Palin: Culture Matters
Posted by Jackie Siciliano on July 8, 2013
You won’t want to miss this great interview with Sarah Palin conducted by Mark Judge. Mr. Judge asks Palin some atypical questions but they are worthy questions that conservatives need to address.
There is a common trope used in movies and TV, where a character discovers that someone is in love with her and has been for years. “But you never said anything,” the stunned woman says to her long-silent suitor. “You never asked,” usually comes the reply.
That scene comes to mind when thinking about conservatives and popular culture. While liberals talk about movies, books, music, and other arts as part of their general everyday being, conservatives get asked about taxes, abortion, and immigration. We love popular culture, but no one ever asks.
Acculturated is trying to change that. Last year I briefly encountered Sarah Palin at CPAC, the annual Conservative Political Action Committee meeting in Washington, and took the opportunity to ask her an important question: who’s your favorite band? The verdict: Van Halen. As you’ll see in the video, Governor Palin seemed surprised, but then a little delighted, to be asked about rock and roll. Everyone just assumes that that’s Jay-Z wingman President Obama’s turf.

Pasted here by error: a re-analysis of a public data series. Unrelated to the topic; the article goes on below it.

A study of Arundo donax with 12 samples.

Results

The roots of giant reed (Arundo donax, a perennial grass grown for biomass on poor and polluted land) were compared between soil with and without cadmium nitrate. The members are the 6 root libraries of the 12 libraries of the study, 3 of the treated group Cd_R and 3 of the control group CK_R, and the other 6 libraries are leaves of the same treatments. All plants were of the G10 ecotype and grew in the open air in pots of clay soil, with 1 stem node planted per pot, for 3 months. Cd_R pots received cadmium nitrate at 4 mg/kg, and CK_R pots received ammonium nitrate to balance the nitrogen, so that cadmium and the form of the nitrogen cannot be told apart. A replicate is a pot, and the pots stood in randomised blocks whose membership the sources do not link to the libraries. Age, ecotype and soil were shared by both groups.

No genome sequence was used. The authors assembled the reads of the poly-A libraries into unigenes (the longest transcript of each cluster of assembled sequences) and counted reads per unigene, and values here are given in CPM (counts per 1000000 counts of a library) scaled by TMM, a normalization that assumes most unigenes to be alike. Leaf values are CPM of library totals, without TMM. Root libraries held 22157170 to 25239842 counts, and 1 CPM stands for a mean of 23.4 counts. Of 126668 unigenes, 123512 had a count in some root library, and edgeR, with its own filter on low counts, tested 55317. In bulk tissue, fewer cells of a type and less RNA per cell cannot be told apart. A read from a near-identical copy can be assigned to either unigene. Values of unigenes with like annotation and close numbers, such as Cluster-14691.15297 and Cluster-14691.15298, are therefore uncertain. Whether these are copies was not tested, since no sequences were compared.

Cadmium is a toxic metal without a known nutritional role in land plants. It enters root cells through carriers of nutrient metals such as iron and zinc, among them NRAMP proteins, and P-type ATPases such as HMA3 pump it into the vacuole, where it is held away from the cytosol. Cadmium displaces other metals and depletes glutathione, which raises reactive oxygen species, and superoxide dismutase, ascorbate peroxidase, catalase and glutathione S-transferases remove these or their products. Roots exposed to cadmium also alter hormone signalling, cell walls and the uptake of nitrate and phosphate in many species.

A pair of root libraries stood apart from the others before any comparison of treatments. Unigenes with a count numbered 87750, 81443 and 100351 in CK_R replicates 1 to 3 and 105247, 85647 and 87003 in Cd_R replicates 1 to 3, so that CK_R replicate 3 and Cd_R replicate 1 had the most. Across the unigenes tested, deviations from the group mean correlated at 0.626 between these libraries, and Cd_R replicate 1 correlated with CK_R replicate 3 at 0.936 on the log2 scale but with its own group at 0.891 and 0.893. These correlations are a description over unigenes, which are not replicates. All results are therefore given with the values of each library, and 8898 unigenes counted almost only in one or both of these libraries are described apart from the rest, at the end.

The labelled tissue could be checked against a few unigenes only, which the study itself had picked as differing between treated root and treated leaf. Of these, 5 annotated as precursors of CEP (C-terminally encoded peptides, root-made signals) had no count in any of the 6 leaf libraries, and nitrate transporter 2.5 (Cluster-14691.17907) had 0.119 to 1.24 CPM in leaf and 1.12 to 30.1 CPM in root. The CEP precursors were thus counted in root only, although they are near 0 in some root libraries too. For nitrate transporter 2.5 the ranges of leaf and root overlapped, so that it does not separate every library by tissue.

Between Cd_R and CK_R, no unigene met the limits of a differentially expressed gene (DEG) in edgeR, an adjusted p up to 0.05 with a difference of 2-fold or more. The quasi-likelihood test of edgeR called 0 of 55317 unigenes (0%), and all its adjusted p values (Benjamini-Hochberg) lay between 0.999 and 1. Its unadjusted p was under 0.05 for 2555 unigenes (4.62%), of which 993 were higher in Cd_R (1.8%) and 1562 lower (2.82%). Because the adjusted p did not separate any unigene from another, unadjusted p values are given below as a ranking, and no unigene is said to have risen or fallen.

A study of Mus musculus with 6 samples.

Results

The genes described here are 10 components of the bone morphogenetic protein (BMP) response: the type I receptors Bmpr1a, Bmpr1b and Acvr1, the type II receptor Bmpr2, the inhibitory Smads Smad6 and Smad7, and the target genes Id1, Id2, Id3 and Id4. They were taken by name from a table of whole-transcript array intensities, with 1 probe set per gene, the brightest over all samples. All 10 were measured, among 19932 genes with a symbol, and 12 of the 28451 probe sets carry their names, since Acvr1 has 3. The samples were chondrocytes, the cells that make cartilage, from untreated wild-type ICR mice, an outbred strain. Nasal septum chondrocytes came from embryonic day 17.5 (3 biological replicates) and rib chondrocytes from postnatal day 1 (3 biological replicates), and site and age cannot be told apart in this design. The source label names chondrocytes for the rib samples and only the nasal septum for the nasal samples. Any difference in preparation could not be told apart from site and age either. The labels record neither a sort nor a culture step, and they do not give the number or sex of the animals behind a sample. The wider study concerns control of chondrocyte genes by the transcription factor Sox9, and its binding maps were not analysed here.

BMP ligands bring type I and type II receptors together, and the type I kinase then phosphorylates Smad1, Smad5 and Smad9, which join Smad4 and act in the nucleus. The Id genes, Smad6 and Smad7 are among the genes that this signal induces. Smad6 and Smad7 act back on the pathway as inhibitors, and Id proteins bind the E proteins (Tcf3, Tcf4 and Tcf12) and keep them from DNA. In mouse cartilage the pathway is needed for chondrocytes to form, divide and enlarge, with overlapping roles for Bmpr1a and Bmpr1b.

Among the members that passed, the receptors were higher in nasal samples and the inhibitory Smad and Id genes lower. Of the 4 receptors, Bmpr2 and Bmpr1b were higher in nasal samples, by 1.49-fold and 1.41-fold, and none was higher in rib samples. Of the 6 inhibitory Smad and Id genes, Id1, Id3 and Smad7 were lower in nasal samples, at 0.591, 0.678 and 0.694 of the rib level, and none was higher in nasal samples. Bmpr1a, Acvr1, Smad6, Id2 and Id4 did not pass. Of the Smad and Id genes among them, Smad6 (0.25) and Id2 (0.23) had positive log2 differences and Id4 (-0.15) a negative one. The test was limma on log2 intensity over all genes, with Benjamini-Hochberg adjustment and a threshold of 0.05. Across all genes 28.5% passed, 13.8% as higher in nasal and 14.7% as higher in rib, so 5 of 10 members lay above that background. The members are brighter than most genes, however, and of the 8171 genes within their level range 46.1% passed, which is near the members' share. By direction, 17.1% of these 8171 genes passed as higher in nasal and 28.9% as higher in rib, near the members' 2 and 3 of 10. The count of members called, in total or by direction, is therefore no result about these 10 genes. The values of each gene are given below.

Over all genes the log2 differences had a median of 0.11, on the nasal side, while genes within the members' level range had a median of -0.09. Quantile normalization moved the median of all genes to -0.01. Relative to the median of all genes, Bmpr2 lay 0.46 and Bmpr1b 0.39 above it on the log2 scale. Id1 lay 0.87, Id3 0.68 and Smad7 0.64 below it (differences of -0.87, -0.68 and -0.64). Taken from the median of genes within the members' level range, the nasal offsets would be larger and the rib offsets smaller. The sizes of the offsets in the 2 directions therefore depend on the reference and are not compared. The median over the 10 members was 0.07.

I’ve always wanted to follow up with Governor Palin, and I recently sent her some questions about popular culture. She was kind enough to respond. Here are her answers, followed at the end by a couple of my own observations.
Gov. Palin, what is your general philosophy about modern popular culture?
Culture matters. As Andrew Breitbart liked to say, politics is downstream of culture. If you wonder why a civilization is in decline, you have to look at the culture first.
We were both teenagers in the 1980s. Did you have a favorite band or genre—heavy metal, pop, English bands?
My favorite bands as a teen were Van Halen, Boston, and AC/DC.
Do you think conservatives are engaging the popular culture effectively today?
Good question. No, conservatives aren’t infiltrating and influencing pop culture enough, and we’re missing the boat. That’s why I’m fine with, for instance, Bristol being on the shows she’s been on and why I preach against preaching to the choir.
For years, conservatives have glumly waved the white flag when it comes to influencing popular culture. Defeat has been declared many times. But the civic values that conservatism cherishes—like courage, honesty, integrity, hard work, patriotism, faith, fortitude, individual liberty—are values that civilization depends upon. So, if conservatives lose the culture, the culture will collapse and take civilization with it.
For years we have been focused on November election nights, and perhaps not focused enough on Oscar night, or Emmy night, or script buys, or production deals. We have been focused on sending our brightest and best to Washington. But we also need to send them to Hollywood or to the Columbia School of Journalism. We need to take back Hollywood and the mainstream news media. We need to step out of our comfort zones. We can’t allow ourselves to be pushed to the margins. We can’t allow the principles upon which this nation is founded to be ignored or undermined.